Khalid Shafar is on a mission. The 36-year-old Emirati designer, who opened his studio in 2011, says many people still do not understand the world of design.
“I don’t blame them. There’s a lack of education on the issue,” he says, adding one of the biggest challenges he still faces, is “people’s perception of design and being able to make communities and audiences understand what we do and why we do it”.
That’s why, he hopes his latest collaboration with Level Shoes, will be part of that education.
Shafar has joined hands with research and educational group Cultural Engineering to create a campaign for the retailer called The Secret Life of Date Palms. Using pieces from his collection called The Palm — which includes stools, benches, coffee tables and coat stands — and fusing it with Cultural Engineering’s book about palm trees, the Ramadan campaign aims to spread awareness about the history of dates and its importance to Middle Eastern culture.
An accompanying video of Shafar’s collection features Emirati personalities: fashion designer Khulood Thani, entrepreneur Abdulla Al Mulla, communications executive Aida Al Busaidy and pilot Mohammad Al Mayed. According to the designer, the people selected are influential and established individuals. He describes how happy he was for showcasing them with his designs and says: “The choice was excellent, and I’m really happy that Level Shoes chose them.”
Shafar was approached by Cultural Engineering for the campaign.
“Cultural Engineering had a mix of both information and entertainment where they provided a lot of information about dates which go together with it with photographs,” he says. “They found that my collection [was] suitable to be part of the display and this is how the connection started.
“Cultural Engineering took part of the narrative and content whereas I came in to showcase the narrative with physical objects… it’s like we all aligned on the same page and this is where it was the perfect match… besides being part of the campaign, I feel it is one of the strongest campaign’s Level has done for Ramadan. Especially if you’ve seen the video, it was very emotional and personal,” he adds.
Shafar says his collection, The Palm, started with a minor observation.
“It was my observation of things hanging on the palm tree and how we use it to hang towels and plastic bags,” he says, explaining that the first piece of the collection was The Palm coat stand.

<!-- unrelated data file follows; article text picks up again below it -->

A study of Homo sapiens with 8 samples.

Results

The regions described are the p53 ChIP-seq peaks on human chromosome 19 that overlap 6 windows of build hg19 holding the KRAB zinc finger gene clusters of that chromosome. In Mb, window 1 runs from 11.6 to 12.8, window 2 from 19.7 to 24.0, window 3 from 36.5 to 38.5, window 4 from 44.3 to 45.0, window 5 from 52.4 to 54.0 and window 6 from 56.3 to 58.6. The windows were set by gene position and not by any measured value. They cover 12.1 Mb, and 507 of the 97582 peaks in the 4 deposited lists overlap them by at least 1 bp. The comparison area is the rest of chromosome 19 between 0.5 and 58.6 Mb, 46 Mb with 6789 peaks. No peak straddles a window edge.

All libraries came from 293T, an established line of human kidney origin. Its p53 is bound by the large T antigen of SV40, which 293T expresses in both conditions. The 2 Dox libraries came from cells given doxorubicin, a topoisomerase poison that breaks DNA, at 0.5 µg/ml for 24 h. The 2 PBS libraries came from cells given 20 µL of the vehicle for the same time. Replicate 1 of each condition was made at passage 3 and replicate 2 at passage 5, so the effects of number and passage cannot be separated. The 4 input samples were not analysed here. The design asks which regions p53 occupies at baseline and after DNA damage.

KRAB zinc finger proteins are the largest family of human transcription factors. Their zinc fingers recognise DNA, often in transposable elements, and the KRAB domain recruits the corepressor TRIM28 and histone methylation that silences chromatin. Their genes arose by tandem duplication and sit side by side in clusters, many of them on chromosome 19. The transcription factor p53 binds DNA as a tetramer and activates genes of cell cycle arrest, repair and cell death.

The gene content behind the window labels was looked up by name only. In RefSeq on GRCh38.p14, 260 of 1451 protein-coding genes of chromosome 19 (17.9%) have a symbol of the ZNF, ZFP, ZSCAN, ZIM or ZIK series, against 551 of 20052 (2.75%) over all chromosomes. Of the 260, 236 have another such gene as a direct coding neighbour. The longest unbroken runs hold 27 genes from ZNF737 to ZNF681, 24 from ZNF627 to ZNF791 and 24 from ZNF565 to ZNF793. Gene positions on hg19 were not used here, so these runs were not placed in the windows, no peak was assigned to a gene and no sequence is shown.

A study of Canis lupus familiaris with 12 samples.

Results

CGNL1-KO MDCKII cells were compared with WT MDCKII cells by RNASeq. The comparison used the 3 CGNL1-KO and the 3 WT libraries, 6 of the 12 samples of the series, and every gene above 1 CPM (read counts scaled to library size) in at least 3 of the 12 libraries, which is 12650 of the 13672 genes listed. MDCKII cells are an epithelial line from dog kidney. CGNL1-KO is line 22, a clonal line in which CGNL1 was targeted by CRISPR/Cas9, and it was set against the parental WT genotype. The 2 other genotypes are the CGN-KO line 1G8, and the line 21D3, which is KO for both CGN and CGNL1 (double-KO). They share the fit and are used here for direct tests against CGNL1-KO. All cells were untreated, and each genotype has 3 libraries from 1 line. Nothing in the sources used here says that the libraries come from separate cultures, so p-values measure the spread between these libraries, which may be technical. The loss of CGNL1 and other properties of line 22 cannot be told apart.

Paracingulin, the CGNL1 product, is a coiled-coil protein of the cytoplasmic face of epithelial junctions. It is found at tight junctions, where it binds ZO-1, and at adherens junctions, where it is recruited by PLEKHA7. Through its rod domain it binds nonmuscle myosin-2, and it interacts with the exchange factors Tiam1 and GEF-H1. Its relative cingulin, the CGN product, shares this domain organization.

The collection, which began in 2011, is now a continuing series.
Shafar graduated with two degrees — one in Business Management and the other in Interior Design at the American University in Dubai. He started off his career in marketing, but after eight years he decided he needed to explore other opportunities. He moved to New Zealand to study furniture making for two years. Soon after, his first gallery Kasa was born.
“Kasa was aimed at showcasing my work and to become a reference to people who want to see Emirati design,” he recalls. “I was possibly the only one at that time who started [design]. So just explaining what you do was a major challenge.”
Unlike the West, design in the Middle East has certain perceptions and cliches, according to Shafar, who says people would sometimes think he was a carpenter.
Production was another major challenge.
“Until now, I think production is very limiting in terms of opening doors for individual designers to come and sample things that might work,” he says. “Everything is set up for business-to-business markets and trading. So I don’t think there were a lot of options for me.”
It was in 2012, following the start of Design Days, an event dedicated to collectible furniture and objects, that things began to look up slightly, says Shafar.
“What we are exposed to now is so different than it was before. It feels like ages ago when there weren’t any design events,” he says. “I was alone with my designs back then.”
The next challenge Shafar encountered was that there was “not enough supply from local talents, but I think it’s starting to grow,” he says.
Being called a ‘cultural designer’ is a label Shafar wears proudly. “I think we have a lot to expose from our culture in design and a lot to see, show and educate people about,” he says.
The Palm collection series is now one of his signature designs, incorporating everything that the palm tree represents to his people and the region.
“Incorporating Middle Eastern heritage is something I have stood for from the very first collection,” he says. “It differentiates me as an Emirati to a designer from somewhere else… I am very proud of that.”